The Canadian government isn’t quite done meddling with the housing market. Instead of focusing on those putting less than 20% down like most of the changes over the past decade, this will be hitting borrowers who have more than 20% equity. Although there is not 100% certainty on what guidelines will change, the most commonly discussed option is for the government to apply the “stress test” to all mortgages funded by federally regulated lenders.
Last October the stress test was announced which requires all borrowers putting less than 20% down to qualify at the benchmark rate which is currently 4.84%. Previously only variable rate mortgages or mortgages with terms of less than 5 years had to qualify at the benchmark rate, so taking a 5yr fixed was a commonly chosen option to qualify. The change reduced borrower eligibility for those who would be taking a 5yr fixed by 20%. Currently with 20% taking a 5yr fixed rate is still a way to qualify at the actual rate, not the benchmark. The government is looking to likely close this option which will reduce borrowing power by 20%. This will reduce incentive for borrowers to take 5yr fixed rate mortgages and enter more variable rate contracts as there is no qualification incentive to take the perceived “safer” option of the longer term rate.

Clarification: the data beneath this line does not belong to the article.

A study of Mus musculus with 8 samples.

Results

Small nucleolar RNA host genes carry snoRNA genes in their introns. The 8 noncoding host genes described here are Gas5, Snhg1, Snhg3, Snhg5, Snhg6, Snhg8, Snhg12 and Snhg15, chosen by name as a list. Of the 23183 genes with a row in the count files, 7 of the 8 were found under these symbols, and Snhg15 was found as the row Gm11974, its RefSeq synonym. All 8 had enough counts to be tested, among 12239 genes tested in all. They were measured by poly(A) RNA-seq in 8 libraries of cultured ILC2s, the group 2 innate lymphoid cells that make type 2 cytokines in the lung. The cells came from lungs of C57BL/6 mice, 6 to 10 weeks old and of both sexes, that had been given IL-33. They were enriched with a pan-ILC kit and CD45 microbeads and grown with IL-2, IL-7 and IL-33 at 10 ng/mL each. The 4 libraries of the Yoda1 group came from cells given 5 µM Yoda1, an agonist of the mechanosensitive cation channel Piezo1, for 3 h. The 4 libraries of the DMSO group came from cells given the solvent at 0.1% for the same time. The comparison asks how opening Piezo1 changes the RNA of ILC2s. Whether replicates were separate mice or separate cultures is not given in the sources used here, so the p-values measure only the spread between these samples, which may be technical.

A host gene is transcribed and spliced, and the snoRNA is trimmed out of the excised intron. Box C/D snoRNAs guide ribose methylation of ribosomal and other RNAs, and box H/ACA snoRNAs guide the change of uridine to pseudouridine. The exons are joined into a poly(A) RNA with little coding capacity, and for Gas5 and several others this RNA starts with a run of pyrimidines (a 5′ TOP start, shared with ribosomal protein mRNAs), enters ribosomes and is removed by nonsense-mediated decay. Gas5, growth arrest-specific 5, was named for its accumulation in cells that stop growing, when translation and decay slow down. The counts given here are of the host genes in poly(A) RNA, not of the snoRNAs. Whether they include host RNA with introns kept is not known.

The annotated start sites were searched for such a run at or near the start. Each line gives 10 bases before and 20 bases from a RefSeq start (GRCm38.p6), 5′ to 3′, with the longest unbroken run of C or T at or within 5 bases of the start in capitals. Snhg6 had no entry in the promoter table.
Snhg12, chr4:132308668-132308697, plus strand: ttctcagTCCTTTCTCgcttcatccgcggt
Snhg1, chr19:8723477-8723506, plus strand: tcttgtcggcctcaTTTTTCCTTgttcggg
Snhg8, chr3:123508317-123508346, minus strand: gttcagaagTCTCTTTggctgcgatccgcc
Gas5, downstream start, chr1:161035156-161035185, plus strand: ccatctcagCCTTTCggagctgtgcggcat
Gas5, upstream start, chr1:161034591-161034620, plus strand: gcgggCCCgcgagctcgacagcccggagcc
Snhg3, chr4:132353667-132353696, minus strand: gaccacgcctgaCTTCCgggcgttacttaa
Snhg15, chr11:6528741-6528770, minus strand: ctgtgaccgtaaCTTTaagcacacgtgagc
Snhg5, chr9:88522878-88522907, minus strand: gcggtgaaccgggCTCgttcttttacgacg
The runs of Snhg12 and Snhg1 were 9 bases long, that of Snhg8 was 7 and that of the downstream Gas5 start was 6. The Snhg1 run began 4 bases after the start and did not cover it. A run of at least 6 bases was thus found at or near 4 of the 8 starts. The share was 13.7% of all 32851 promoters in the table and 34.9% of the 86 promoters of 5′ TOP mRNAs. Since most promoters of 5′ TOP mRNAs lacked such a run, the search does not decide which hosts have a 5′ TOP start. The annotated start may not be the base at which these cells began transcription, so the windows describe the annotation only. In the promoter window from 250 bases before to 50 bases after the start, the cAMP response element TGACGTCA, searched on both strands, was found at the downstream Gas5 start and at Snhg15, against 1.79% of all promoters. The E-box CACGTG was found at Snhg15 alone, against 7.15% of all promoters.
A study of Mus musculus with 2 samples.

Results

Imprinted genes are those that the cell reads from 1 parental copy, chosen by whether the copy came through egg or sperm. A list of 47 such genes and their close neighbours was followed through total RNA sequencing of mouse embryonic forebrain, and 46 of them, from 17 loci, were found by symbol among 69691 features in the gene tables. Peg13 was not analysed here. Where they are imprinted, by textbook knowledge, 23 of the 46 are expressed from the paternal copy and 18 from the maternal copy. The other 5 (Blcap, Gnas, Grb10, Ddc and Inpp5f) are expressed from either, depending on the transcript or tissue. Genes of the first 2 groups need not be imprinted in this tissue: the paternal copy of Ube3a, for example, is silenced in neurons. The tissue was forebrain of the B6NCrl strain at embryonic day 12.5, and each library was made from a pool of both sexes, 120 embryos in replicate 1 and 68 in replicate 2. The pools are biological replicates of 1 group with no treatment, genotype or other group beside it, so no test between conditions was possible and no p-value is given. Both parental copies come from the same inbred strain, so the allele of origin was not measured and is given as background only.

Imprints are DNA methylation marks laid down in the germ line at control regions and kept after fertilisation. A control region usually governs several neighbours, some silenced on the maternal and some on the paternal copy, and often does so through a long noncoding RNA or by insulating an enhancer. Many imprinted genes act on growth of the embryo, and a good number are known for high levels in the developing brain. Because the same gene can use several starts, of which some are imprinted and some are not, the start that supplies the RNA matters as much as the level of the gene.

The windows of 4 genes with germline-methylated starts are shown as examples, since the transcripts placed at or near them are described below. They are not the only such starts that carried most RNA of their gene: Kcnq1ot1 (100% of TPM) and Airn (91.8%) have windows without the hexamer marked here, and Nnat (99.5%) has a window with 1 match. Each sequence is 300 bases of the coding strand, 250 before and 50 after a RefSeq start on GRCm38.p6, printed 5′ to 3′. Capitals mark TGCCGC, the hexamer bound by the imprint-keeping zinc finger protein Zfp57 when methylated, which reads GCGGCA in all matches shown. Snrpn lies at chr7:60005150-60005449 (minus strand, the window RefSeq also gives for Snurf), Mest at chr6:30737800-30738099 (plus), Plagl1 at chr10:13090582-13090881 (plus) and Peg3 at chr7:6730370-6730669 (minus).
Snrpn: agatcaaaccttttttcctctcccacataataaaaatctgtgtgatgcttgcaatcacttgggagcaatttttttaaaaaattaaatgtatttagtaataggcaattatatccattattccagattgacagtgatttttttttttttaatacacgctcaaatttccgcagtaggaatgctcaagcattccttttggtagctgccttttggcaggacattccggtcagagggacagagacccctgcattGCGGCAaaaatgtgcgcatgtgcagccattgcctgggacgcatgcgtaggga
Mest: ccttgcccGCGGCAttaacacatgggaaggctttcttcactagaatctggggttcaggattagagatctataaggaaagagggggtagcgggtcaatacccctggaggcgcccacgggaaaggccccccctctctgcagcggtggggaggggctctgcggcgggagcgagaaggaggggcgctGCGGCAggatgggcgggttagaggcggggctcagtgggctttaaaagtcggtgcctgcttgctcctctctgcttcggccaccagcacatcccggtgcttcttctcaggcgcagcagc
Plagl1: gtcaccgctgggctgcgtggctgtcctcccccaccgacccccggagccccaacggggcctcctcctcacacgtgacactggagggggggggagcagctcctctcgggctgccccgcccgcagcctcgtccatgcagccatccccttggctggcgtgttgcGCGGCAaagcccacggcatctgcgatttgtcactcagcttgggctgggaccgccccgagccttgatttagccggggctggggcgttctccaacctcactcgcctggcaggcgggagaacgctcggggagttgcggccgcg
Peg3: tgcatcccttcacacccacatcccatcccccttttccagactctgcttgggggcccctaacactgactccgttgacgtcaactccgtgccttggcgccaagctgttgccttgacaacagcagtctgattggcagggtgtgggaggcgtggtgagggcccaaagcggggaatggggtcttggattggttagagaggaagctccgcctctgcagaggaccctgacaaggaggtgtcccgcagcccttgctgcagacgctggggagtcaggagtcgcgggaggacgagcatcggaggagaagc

We have heard from a few lenders that they worry the next round of changes will impact some of their lending products. One lender in particular has a “net worth” program which allows borrowers to not need an income to qualify for a mortgage, which has been a dying breed in today’s lending climate as lenders fear government auditing and wrist slapping for non-income qualifying loans. It is possible that this next wave of changes brings about further restricting lenders to lend based on their comfort level and pushes more borrowers to seek more expensive alternative lenders.
There is a possible reconsideration of launching these guidelines however. Toronto’s market has dropped considerably over the summer and most other markets in Canada has been fairly flat over the past few months. It is possible that they tap the brakes on launching new guidelines for fear of sending some markets like Toronto is a more aggressive tailspin.
What should you do?
If you are looking to buy with 20% down or want to refinance to unlock equity to invest, you may want to look at doing this sooner rather than later. The government has been more apt to moving swiftly once changes are made so policies may come into effect quickly.
Also, consider that Credit Unions are provincially regulated, not federally regulated. Over the past few years this has given them a few competitive advantages when it comes to qualification guidelines. Further government changes may widen this gap and give Credit Unions a larger piece of the mortgage pie, if they want it.